Adding Syntax Highlight

July 19, 2019
By

(This article was first published on R on notast, and kindly contributed to R-bloggers)

Syntax highlighting

Previously, I posted entries without any syntax highlighting as I was satisfied using basic blogdown and Hugo functions until a Disqus member commented in the previous post to use syntax highlighting. Thus, I tasked myself to learn more about syntax highlighting and to implement them in future posts. Now I’d like to share what I’ve learned.

There are various ways to highlight syntax in Hugo but the preferred approach for blogdown is to use Highlight.js. Interestingly, Yi Hui himself is not too particular about the specifics nor the excessiveness of syntax highlighting.

Themes with embedded syntax highlight feature

Some hugo themes have in built syntax highlight functions. For instances, blogdown’s default theme, hugo-lithium, has Highlight.js option readily avilable.

For the hugo-lithium theme, you can access details of the Highlight.js in the config.toml file.

highlightjsVersion = "9.12.0"
highlightjsCDN = "//cdnjs.cloudflare.com/ajax/libs"
highlightjsLang = ["r", "yaml"]
highlightjsTheme = "github"

highlightjsVersion refers to the version of highlightjs

highlightjsCDN refers to the CDN provider of highlight.js. For each CDN provider and version number, you can determine if the coding language you intend to highlight and the style of the highlight is available.

highlightjsLang refers to the coding languages to be highlighted. By default, r and yaml are highlighted. You can add other languages to be highlighted as long as the CDN provider and version number supports the highlighting of those languages.

highlightjsTheme refers to the colour theme for the highlighted syntax. You can preview the various themes for different languages on [highlightjs]’s website before deciding which theme to adopt for your own site. (https://highlightjs.org/static/demo/)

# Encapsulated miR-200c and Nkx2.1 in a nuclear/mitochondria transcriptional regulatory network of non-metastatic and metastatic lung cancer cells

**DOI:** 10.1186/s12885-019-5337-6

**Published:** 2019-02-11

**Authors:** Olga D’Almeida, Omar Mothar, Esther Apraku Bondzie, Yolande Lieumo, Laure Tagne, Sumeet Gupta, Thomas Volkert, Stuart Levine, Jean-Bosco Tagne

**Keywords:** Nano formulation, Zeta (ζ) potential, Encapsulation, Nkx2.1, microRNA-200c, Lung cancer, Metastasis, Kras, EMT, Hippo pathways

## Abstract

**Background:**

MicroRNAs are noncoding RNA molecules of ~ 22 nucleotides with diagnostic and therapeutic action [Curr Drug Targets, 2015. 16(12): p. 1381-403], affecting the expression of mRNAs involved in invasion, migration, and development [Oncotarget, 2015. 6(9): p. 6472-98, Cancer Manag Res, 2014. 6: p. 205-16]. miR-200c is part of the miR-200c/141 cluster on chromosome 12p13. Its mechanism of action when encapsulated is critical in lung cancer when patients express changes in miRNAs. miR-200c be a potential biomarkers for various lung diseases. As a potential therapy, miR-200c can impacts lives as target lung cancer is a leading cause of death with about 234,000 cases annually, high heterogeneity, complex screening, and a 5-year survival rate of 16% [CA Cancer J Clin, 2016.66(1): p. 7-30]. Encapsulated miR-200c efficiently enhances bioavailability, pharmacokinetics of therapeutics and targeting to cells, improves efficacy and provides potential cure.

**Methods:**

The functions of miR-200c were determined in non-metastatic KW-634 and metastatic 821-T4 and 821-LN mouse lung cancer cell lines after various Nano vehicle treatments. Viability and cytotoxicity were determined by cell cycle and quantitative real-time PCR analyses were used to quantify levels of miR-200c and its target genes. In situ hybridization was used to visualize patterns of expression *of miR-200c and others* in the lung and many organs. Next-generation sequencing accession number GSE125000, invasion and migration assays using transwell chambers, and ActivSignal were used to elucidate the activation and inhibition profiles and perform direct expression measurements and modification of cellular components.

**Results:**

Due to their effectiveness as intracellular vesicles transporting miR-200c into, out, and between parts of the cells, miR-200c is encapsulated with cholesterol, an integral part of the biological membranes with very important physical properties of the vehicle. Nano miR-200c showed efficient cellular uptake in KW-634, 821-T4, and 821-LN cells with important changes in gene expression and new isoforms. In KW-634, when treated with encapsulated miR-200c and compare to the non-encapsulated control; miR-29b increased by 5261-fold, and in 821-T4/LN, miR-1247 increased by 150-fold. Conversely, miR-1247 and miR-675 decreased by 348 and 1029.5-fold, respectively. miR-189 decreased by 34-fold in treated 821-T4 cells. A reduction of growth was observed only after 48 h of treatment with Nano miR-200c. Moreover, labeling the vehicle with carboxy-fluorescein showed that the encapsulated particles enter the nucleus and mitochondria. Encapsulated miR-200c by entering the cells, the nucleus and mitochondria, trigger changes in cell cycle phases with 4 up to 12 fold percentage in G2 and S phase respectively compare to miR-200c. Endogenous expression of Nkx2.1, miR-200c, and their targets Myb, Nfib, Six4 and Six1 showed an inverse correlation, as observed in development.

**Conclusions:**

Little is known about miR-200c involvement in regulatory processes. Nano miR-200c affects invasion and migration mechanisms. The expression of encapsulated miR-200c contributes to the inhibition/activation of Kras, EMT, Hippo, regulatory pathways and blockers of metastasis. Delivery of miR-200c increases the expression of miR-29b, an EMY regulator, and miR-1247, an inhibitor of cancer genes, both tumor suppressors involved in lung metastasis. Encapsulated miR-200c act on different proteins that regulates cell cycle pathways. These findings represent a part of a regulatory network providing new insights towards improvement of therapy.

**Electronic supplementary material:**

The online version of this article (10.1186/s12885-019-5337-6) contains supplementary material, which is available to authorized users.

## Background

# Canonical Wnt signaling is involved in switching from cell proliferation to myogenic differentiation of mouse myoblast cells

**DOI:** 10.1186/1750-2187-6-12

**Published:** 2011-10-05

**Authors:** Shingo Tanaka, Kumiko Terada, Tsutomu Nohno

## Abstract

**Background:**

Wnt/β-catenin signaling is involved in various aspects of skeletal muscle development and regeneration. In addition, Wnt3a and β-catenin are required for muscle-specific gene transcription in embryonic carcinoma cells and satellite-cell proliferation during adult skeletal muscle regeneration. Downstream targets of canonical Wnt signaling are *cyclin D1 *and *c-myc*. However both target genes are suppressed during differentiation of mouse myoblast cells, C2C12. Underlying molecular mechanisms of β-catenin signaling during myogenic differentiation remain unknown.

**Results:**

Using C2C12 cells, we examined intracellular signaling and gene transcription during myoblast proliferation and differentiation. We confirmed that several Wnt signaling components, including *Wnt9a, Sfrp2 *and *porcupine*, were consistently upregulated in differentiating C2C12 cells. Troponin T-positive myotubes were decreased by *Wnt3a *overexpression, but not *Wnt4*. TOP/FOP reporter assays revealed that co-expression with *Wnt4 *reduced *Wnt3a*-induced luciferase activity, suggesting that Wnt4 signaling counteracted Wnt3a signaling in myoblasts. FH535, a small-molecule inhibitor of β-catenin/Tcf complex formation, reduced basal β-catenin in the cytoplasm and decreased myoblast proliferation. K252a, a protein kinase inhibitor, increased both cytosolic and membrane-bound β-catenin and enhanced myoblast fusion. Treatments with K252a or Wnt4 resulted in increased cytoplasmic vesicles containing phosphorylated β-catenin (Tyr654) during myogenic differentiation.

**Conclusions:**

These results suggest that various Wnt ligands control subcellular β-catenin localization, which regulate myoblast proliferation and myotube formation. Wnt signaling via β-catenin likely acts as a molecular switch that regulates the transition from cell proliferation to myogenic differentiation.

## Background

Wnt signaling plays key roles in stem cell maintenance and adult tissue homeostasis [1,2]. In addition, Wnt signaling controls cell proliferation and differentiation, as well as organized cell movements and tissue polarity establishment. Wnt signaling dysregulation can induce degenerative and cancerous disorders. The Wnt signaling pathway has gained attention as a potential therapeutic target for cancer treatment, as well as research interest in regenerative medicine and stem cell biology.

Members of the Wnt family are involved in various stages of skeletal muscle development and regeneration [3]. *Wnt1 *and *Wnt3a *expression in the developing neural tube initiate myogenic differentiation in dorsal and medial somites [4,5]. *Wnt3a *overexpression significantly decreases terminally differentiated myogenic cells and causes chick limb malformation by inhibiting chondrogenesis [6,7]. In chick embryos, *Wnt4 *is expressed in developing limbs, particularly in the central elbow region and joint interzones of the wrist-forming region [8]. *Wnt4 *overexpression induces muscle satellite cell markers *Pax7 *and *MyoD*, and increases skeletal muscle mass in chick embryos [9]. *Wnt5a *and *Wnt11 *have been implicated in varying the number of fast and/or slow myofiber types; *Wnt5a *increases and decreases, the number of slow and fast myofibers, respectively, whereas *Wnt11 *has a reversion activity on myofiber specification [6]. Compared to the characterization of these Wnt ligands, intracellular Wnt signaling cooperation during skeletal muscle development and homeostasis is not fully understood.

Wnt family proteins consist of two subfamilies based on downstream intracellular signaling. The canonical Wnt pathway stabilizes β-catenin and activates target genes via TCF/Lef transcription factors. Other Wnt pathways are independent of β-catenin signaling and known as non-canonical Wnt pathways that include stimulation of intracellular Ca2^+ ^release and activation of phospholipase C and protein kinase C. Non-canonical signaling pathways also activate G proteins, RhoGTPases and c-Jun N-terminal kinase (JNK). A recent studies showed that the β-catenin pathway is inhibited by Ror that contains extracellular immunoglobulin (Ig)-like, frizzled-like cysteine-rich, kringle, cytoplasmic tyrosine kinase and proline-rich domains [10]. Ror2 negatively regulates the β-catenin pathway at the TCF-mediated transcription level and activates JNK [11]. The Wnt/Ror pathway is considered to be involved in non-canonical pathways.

Themes without embedded syntax highlight feature

There are many themes which do not have in built highlighting functions including the Mainroad theme which I’m using. There are two approaches to add syntax highlighting for these Hugo themes.

blogdown textbook approach

  1. In the book, Xie, Thomas and Hill recommends adding

to head_custom.html file. For the Mainroad theme, I added the script to the bottom of head.html file. You can change the colour theme by replacing the github theme to your desired theme.

  1. Next, they require you to add



to foot_custom.html. For the Mainroad theme, I added the script to the bottom of footer.html file.

Amber Thomas’s approach

  1. Download Highlight.js for R.

  2. From the file you downloaded, copy highlight.pack.js file and paste into the js folder for your Hugo theme. For Mainroad theme, I accessed it via themes-> Mainroad-> static-> js.

  3. From the file you downloaded, go to the style subfolder and copy the css file of your desired syntax colour theme and paste into the css folder for your Hugo theme. For Mainroad theme, I found it via themes-> Mainroad -> static -> css.

  4. Add this


to the header.html file. For Mainroad theme, I discovered the file via themes-> Mainroad-> layouts -> partials. You can change the github-gist theme to your selected theme. As the Hugo Mainroad theme displays code chunks in a faint shade of grey, I chose routeros highlighter as it has a similar light grey as its background which complements the Hugo Mainroad theme.

Verify syntax highlighting

Apart from visually see the changes on your site, you can go geek mode and verify that the highlighted syntax is based on your selected Highlight.js theme.
If you are using, Microsoft Edge select a paragraph of plain text and click on the right hand mouse and select “Inspect element”. You will see two boxes. Examine the box which has style as one of the sub-tab. From that sub-tab, you will noticed that the css style is css.style. Now do the same for a chuck of R script, you will realize that the css style is the name of the Highlight.js theme. For this blog, it is routeros.css.